Posted by Mats Hjørnevik 5. June 2018

shutterstock_669923932_blogThis week I would like to discuss water-based systems where the challenge is to apply the product effectively on a surface. This can be true for a high number of products ranging from coatings, adhesives, composites (for instance plastics), materials for 3D printing, deicing products and so on. The downstream processing and application of the product is by medium or high shear equipment, meaning either a roller, brush, a spray or the like. This calls for a shear thinning rheology system to stabilize the formulation and give the correct viscosity at each step.

Your toolbox of rheology modifiers is growing

There are currently a high number of alternatives to provide you with a solution, which can be grouped accordingly:

The first alternatives, soluble polymers, are the most common technology today. The reason for this is that there has not really been a widely used non-soluble alternative on the market which would give the correct viscosity levels at various shear rates, and at the same time, keeping the advantages of the soluble polymers. Many consider soluble polymers first, since this the technology is well known after many years of experience.

There are mainly three ways of a soluble polymer to thicken: hydrodynamic volume exclusion, by associative thickening and particle-particle interactions. Hydrodynamic volume exclusion simply means that the polymer chains occupy the space in the formulation which the other ingredients can’t take, reducing the flowability of the formulation. ASE polymers swell and uncoil in alkali conditions since functional groups on the polymer chains are charged which thickens the formulation. HASE polymers thicken by associative thickening which means that the hydrophobic parts of the polymer tend to interact with each other in hydrophilic environment since that lowers the overall free energy in the system. The third mechanisms, particle-particle interactions refer to dispersing effect. The polymer chains can adsorb on the solid particle creating repulsion between them and thus stabilizing the formulation.

The insoluble additives thicken the formulation by forming a network which expands throughout the formulation and stabilizes the other ingredients within that network. Clays and fumed silica interact with surrounding solvent (water) when wetted and form the network. Cellulose fibrils have, in addition, physical linkages in the network since the long fibrils can entangle with each other, offering extra strength for the network.


So many alternatives! Which one to choose when robustness is needed?

As mentioned above, the thickening mechanisms for the different rheology additives differ drastically. For the polymers, the mechanism is often a mixture of volume exclusion, associative thickening and particle-particle interaction. The downside of these thickening mechanism is that they are not so robust since they are dependent on the physico-chemical environment. To achieve the increased viscosity by volume exclusion, the pH needs to be alkaline. Similarly, a high amount of surfactants disturbs the associative thickening mechanisms, leading to lower viscosity. In addition, salts can disturb the adsorption of the polymers on the solid particles and thus interfere with the particle-particle interaction mechanism.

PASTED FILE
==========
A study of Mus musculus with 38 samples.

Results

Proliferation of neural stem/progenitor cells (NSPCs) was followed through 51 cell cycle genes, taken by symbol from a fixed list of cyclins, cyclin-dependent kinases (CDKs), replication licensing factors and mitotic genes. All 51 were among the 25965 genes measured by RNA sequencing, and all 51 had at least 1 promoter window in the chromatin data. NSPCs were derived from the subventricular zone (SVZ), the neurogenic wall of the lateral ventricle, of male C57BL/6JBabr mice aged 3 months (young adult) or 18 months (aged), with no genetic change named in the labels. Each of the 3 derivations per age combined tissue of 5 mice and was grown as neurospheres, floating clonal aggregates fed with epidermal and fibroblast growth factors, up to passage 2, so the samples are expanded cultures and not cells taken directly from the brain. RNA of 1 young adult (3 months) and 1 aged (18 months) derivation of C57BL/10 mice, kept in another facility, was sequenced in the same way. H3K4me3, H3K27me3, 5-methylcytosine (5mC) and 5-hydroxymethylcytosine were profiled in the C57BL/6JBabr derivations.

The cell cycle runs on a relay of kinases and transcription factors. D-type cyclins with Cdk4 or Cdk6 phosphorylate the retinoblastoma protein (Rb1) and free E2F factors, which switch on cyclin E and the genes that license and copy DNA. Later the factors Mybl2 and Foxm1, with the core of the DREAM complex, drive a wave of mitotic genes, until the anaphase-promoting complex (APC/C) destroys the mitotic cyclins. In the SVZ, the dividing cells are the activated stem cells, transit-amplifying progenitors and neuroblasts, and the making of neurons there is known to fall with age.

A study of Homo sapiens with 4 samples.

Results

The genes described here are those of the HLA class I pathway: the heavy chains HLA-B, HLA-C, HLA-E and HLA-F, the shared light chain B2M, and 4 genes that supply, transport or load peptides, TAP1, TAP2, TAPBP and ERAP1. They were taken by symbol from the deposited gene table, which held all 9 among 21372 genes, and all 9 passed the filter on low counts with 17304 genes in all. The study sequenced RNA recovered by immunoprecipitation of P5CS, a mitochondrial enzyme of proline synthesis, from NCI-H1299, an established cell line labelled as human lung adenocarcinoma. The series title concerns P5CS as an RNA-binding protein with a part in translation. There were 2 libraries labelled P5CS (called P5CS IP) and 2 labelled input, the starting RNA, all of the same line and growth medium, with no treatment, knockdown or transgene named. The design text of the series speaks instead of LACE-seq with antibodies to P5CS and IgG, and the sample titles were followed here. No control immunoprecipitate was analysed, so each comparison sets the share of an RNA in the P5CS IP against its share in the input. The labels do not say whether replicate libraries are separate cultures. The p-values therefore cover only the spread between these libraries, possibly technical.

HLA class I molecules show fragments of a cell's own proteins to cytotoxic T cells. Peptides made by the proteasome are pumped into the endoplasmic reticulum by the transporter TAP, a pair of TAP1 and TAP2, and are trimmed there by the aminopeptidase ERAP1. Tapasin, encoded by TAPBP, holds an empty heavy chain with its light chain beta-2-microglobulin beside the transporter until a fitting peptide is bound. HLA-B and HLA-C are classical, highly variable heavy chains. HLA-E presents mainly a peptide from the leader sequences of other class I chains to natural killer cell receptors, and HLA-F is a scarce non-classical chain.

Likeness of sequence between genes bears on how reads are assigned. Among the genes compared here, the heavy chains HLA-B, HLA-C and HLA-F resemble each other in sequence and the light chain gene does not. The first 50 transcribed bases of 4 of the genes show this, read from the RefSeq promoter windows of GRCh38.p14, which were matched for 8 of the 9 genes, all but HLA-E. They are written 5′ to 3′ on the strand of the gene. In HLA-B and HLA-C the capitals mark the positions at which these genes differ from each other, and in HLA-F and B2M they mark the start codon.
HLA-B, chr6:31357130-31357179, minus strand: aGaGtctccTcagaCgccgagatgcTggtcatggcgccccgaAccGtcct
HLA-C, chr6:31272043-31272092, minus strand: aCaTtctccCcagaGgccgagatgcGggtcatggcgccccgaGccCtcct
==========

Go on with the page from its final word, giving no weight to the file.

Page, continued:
Insoluble additives instead form a physical network throughout the formulation and stabilize in that way. This is generally a robust way to stabilize a formulation. However, the strength of this network varies from additive to additive and cellulose fibrils have some advantages over the clays and fumed silica. Clays and fumed silica form the network based on the solvent – particle interactions (for example, the silanol groups on fumed silica). This means that the interactions are vulnerable for the changes in the chemical environment. Instead, cellulose fibrils form partly the network through their physical form, since the slender, long fibrils which can entangle with each other. This makes the network more stable against changes in pH, salinity or temperature. Insoluble rheology additives have some other advantages over the soluble polymers. For example, viscosity recovery after shear is quicker for the solid network. In addition, polymer chains might break down at very high shear conditions, whereas clays, fumed silica and cellulose fibrils withstand high shear conditions extremely well.

There are new alternatives out there now, which can create opportunities for you when you choose your rheology additive. The associative thickening methods became popular in the 1990’s and early 2000’s. Today, insoluble additives like clay and cellulose fibrils are making its entrance into the market, providing you with yet a new option. So, it’s up to you, next time you are re-constructing your rheology system or constructing something brand new.



Mats Hjørnevik has five years’ experience working on microfibrillated cellulose. As the marketing manager of the Exilva products from Borregaard, he works closely on introducing the concept of microfibrillated cellulose to the market. Mats has a M.Sc. in international marketing and experience from international locations.